The topic of merchandising Jesus has been making the rounds lately. The latest entry into the fray is this article
. The Evangelical Outpost
has discussed it (read the comments on this one especially, for some links to other discussions). I just saw my first "Jesus is my Homeboy" T-shirt today.
I think the most telling quote comes from the Journal News article:
Jesus Christ has become too big for church. He's stepping out as a pop culture superstar, a leading man on page and screen.
But he's being portrayed as a character actor, a parable-telling chameleon who has radically different messages in each starring role.
America seems to love them all, contradictions be darned.
In the film "The Passion of the Christ," which has grossed more than $360 million, he is the Jesus of traditionalist Roman Catholic Passion plays, beaten and bloodied as he endures the Stations of the Cross.
In "Glorious Appearing," the final book of the "Left Behind" series, which made its debut last month as the nation's best-selling novel, he is the Jesus of the fundamentalist rapture, riding from heaven on a white horse to vanquish the armies of the Antichrist.
In "The Da Vinci Code," a literary phenomenon that has sold some 7 million copies, Jesus doesn't appear at all. But readers learn that he was mortal, married, a dad and a feminist, and that the Catholic Church concocted his divinity.
Add to this the mixed messages from Peter Jennings' latest ABC special, the findings of the Jesus Seminar, and the proliferation of "Historic Jesus" books on the market, and we really do each have our own personal Jesus. And some of them bear little resemblance to the Christ of Christianity.
When we mass-market Jesus, we need to be careful that the real Jesus Christ is what is being sold, not a watered-down pop idol who wants everyone to get along. As Jesus Himself said, "Do not think that I have come to bring peace to the earth. I have not come to bring peace, but a sword." (Matthew 10:34 ESV). There was no misunderstanding in His mind -- He knew that the things He came to do were going to cause problems. People don't want to know that they are responsible to a powerful God for their actions. They don't want to know that God holds them accountable for what they do. And in denying that, they miss the fact that God has given us an out -- grace. He knows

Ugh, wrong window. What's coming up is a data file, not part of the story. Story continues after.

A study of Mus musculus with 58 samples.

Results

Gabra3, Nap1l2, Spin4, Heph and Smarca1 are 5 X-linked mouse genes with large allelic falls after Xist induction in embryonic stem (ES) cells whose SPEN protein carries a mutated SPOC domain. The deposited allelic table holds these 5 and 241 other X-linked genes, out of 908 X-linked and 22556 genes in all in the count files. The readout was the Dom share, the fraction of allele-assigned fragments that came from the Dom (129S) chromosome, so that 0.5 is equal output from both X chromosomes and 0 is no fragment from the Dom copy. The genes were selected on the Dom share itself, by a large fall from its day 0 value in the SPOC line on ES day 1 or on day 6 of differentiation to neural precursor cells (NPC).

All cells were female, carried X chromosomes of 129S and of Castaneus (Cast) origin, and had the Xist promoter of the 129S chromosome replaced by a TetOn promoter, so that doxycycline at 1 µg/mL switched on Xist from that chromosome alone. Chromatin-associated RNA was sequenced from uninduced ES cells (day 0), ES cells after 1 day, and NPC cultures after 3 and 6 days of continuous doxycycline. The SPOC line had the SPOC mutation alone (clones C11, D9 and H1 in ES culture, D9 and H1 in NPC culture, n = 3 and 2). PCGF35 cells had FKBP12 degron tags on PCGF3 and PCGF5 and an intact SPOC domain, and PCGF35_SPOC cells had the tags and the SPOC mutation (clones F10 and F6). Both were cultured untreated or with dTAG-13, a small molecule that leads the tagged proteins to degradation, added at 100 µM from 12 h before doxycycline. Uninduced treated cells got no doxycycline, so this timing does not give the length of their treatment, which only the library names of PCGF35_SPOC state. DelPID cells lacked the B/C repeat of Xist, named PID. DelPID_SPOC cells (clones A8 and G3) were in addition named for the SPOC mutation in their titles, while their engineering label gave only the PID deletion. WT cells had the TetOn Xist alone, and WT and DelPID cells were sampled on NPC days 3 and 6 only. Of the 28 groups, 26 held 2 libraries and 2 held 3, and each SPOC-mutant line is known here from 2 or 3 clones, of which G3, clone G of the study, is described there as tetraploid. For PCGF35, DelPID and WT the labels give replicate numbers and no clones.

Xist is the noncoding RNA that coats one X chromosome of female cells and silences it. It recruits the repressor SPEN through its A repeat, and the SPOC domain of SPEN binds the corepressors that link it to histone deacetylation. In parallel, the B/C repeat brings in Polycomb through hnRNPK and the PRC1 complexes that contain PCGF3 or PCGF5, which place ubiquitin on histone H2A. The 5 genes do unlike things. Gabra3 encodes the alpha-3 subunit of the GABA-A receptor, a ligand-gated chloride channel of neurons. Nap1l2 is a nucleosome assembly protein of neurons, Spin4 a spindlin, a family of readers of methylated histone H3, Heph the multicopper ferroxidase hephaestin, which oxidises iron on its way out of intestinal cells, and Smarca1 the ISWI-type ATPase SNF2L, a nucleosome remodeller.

we can't do it by ourselves. That's why He gave us His Son -- so that His righteousness could be imputed to us, so that He could make the sacrifice for us. Christ isn't a great example of how to live -- we can't live up to his example
You want to see people trying? Check out the legalists. Look at what many fundamentalist churches have become (more on fundamentalism later on -- maybe tomorrow). People all over the world are living with a list of rules to try and make themselves good enough. We can't do it
. The Pharisees in Christ's time tried to do it. They had 365 extra rules to live by, to make sure that they didn't break the Law. Jesus called them "whitened sepulchres" -- beautiful on the outside, great to look at externally, but full of death and corruption inside. What can make the difference? "But when the goodness and loving kindness of God our Savior appeared, he saved us, not because of works done by us in righteousness, but according to his own mercy, by the washing of regeneration and renewal of the Holy Spirit," (Titus 3:4-5 ESV).
The grace of God is the answer. Christians need to proclaim it. The world needs to hear it. And it cannot be merchandised. It doesn't work very well on T-shirts or bumper-stickers. Wearing a WWJD bracelet doesn't get us grace. Going to the right church, or attending the right conferences, or reading the right books -- none of those will get us grace. Grace is a gift, given by God, to all who put their faith in Christ as Saviour.
Jesus isn't the newest pop idol. He's not my homie. He's my Saviour. Yes, he's my friend, but He's also my Lord. He went through one of the most brutal deaths imaginable, and yet He lives. Let's stop selling Him like he's a new fabric softener.